Jerry Lee Lewis, Sun Recordings, vol. 5

John Morthland

By John Morthland

on 04.22.11 in Reviews

Cut between 1960 and 1963, these were the last sides Jerry Lee recorded for Sun. By now it was apparent even to him that he wasn't going to beat the blacklist, but his heart is still in a surprising amount of the material.

The song called either "Keep Your Hands Off of It" or "Birthday Cake" is defiantly double-entendre, with prickly guitar from Roland Janes to match. Jerry Lee overcomes a whole horn section on the working-man "When I Get Paid" (which keenly synthesizes the rockabilly he's coming from and the hard country he's heading toward). Clearly inspired by the Fats Domino version, the Killer is rock-steady on the standard "My Blue Heaven," and gets a similar New Orleans feel on "Rockin 'the Boat of Love" (though it could do without the background chorus).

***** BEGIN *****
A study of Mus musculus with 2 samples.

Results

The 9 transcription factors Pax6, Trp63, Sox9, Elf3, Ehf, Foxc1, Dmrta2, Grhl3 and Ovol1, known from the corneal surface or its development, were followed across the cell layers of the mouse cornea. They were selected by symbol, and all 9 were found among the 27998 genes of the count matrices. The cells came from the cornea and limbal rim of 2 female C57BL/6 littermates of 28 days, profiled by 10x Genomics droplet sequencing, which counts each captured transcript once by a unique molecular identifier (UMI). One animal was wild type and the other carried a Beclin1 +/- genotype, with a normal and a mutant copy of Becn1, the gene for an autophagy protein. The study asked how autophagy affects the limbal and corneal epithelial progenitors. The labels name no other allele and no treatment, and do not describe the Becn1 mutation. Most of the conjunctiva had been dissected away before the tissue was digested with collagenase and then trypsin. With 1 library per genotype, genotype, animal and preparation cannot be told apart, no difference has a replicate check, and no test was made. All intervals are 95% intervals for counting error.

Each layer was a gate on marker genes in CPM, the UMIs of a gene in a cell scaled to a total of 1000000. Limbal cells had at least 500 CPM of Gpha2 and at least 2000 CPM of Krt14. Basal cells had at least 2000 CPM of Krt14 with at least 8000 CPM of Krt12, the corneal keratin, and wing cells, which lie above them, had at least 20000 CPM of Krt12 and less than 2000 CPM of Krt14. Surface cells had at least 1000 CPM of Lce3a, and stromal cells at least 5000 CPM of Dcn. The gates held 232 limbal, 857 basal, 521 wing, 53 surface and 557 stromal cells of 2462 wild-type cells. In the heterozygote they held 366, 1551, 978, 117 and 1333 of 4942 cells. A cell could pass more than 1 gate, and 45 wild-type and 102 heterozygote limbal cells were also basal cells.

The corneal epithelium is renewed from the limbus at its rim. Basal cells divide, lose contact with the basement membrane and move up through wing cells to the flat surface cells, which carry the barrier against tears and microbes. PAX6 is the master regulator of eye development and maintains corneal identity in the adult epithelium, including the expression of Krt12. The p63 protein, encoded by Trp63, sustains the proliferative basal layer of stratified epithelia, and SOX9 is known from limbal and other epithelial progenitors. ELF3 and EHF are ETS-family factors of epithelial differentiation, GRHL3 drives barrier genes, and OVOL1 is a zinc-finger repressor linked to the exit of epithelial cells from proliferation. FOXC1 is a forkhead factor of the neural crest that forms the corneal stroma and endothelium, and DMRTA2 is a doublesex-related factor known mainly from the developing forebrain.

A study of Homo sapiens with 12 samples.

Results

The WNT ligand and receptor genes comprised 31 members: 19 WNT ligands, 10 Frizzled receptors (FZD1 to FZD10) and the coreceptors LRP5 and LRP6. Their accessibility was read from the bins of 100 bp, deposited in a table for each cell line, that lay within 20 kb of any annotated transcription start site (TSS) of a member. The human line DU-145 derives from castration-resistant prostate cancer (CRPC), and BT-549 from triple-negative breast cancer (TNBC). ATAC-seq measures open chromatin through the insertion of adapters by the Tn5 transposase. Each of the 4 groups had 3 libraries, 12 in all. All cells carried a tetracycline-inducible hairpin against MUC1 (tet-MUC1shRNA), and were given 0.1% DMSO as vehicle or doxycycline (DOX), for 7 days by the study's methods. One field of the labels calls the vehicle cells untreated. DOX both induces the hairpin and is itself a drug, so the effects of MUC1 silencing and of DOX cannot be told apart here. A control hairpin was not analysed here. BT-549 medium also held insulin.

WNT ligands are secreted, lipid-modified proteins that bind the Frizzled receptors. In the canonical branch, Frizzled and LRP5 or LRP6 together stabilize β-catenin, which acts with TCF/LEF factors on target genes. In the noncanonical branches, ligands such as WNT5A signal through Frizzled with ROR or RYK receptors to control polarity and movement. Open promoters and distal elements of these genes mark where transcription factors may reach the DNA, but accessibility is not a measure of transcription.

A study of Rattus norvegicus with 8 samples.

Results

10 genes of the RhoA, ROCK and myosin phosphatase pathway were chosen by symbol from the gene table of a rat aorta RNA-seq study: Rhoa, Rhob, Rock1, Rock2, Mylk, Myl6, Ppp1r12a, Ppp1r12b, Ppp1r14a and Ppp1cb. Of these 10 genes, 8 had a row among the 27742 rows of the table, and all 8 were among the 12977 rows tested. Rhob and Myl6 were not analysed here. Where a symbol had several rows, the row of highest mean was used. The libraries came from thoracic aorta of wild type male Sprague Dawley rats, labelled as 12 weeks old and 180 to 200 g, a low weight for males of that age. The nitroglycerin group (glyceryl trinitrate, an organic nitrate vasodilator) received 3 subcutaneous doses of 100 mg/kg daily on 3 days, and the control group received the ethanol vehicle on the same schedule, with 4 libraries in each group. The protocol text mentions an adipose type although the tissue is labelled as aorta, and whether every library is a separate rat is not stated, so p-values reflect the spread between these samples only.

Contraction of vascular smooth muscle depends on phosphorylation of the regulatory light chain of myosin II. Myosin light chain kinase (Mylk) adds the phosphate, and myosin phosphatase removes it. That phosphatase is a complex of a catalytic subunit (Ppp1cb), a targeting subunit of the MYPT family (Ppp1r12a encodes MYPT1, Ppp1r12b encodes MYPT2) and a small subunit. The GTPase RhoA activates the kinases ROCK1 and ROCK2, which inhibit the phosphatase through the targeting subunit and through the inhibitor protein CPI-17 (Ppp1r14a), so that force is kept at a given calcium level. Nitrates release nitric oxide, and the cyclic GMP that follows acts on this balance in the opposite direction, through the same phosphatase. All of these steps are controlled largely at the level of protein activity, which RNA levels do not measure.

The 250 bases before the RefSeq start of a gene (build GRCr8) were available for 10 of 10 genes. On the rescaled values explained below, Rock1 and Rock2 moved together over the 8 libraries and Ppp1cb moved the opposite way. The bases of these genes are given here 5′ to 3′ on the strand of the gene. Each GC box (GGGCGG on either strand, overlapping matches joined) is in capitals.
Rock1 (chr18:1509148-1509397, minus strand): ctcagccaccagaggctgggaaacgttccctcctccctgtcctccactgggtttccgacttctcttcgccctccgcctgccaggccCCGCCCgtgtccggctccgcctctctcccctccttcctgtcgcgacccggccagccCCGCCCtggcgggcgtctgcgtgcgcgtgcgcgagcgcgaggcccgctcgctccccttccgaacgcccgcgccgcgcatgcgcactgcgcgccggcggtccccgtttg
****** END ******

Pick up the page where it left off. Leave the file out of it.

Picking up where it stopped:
On the other hand, "C.C. Rider" gets a relaxed, Charlie-Rich-like reading with a simpatico sax solo, and with its elegaic, deeply and distinctly Southern feel, "Waiting for a Train" is probably Lewis 'greatest Jimmie Rodgers interpretation (and this may be the Singing Brakeman's greatest song).

Producer Sam Phillips is reaching out here, sometimes effectively and sometimes not: the bluesy "Set My Mind at Ease" and "Be Bop a Lula," for no apparent reason, both put Shirley Sisk's organ in competition with Jerry Lee's piano, and the final two tracks feature a string section and vocal chorus. The strings ain't bad, either, certainly more imaginative than those in Nashville, if you like that sort of thing. But it wasn't enough: frustrated with his lack of commensurate chart success, Jerry Lee soon signed with Mercury/Smash and went country.